This was a repair I did almost about a year ago. I stumbled upon the pics I took using my phone, so thought it would be a good resource. As always with car repairs, you should consult with a qualified mechanic if you are not sure of what you are doing.
Code P0340 indicates a problem with the Bank 1 camshaft position sensor. The bank 1 sensor is located closest to the engine firewall (bank 2 is closest to the radiator). The camshaft position sensor monitors the rotation of the camshaft. The camshaft is a pretty important part of the engine. This is just the replacement of the sensor, so the work is actually quite simple on this car, because the part is easy to get to.
Symptoms I was experiencing prior to the CEL Going On
I had noticed for a while the car would have intermittent hesitation while driving on the highway, basically like a stumble or misfiring. It was just happening randomly, and the check engine light never went off, so I didn’t really think twice about it. One night the car started to stall out, but then it ran like normal. Finally the car stalled as I was pulling out the driveway and the check engine light went off. I was able to get the car to start like normal and get to work. After work, I went to the local parts store and the ran the OBD scanner to check the code for me. Being that the car had stalled and I needed to get the fix done quickly, I forked over the $82 for the part, knowing I would be able to get the part cheaper had I had time to order it online. But, you pay a premium for instant purchases. Yes the sensor was just $40 at rockauto.com and an OEM Hitachi part vs the generic from the parts store.
Yep, that part is about the size of your thumb and is the cause of the P0340 check engine code. The hardest part of the repair is locating the part. If you can locate the part and get to it, you should be able to get the job done and save time and money from going to the shop.
Pretty basic tools needed. You will need a ratchet, extension, swivel, and I believe it was a 10mm socket for removing the part, a hex tool, and flathead screwdriver, Philips screwdriver and pliers. Pretty sure I didn’t use the torque wrench.
First lets located the position of the Bank 1 Camshaft position sensor and orientate ourselves looking at the engine bay.The circled area give you an idea of the location we are looking to get to. First step it to remove the 4 bolts holding down the plastic engine bay cover using the hex tool.
Here is a view with the part circled and I’m attempting to point it out with my pick up tool.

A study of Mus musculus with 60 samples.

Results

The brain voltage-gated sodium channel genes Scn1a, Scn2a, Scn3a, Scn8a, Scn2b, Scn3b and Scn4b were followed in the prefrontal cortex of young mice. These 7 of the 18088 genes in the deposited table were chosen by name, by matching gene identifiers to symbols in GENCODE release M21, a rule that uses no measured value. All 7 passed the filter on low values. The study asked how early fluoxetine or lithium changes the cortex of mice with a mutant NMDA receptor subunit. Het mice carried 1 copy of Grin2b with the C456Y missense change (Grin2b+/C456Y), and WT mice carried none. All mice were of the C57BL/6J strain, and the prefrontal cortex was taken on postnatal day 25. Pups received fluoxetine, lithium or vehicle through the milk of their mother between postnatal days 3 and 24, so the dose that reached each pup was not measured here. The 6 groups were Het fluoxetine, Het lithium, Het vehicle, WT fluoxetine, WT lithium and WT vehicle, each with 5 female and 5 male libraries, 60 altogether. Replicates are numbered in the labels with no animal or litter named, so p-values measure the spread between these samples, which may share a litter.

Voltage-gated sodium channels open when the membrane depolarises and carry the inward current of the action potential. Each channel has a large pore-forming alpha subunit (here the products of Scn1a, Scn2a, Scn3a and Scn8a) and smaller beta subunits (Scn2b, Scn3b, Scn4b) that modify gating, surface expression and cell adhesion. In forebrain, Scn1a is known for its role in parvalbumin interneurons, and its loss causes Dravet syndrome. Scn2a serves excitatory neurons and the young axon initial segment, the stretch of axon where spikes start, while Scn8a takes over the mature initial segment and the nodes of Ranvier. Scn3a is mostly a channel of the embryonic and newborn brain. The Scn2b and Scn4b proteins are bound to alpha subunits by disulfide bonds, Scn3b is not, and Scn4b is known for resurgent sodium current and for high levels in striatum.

Next, to get more access, we need to remove the air filter housing and just move that out of the way.
This is held in place by a few bolts you can loosen with the Philips screwdriver. There is a metal tie-down to remove, loosen the rubber boot leading to intake manifold, and use pliers to loosen the clamp holding down the rubber hose connecting to the air filter box.
Here is a shot of the rubber boot to loosen and remove. A little tip, just loosen the hose clamp on the left side, it’s easier to mess with, and the boot can be slid off and everything can be pushed off to the side:
This is basically what it will look like with the stuff out of the way:
Good news, your practically half way done with the repair.
And we now have a clear view of the sensor that needs to be removed. A couple of shots:
Now with clear access, time to get the ratchet, extension, and 10mm socket. Tip. I put a little piece of paper tucked in the socket to help from loosing the bolt and it is loosens up. The little piece of paper really helps hold onto the bolt so you don’t lose it. I also had a magnetic pickup tool pointed right at the bolt as extra insurance. Now loosen that bolt:
With the bolt loosened, you can then take it off using just the extension and finally get to the part.
With the sensor free, time to take off the old connection. You might find the flat head useful. There is a little latch type of connection holding the part and electrical connection together. Using a flat head helps get enough pressure to release the connection. You should hear and audible click when the connection is loose and also when reconnecting the new part. This is honestly the hardest part of the job.
Success. We have the old part removed. Time to install the new sensor, connect the electrical connection back and reinstall the air filter housing. Installation of the new part is basically the reverse steps.
Congrats, you just learned hot to replace the Bank 1 Camshaft Position Sensor for a 2003 Nissan Maxima. This repair can be pretty similar on other Nissan cars that have the VQ35DE engine as this was a pretty popular engine choice for the company across a few different models. A shop will charge anywhere from $150-$200 for this type of repair. It took me roughly 30 minutes documenting the process, taking pictures and trial and error for the correct socket size. You should be able to do it in about 10 minutes. I did the repair for $82, and had I not needed to do the repair quickly, could have gotten the cost down to $40. Not bad considering the car is now 17 years old and I am wanting to delay a new car purchase until 2024.
With the new part in place, you can either have the check engine light cleared at the local parts store. Or driving the car for about 150 miles should clear out the light automatically.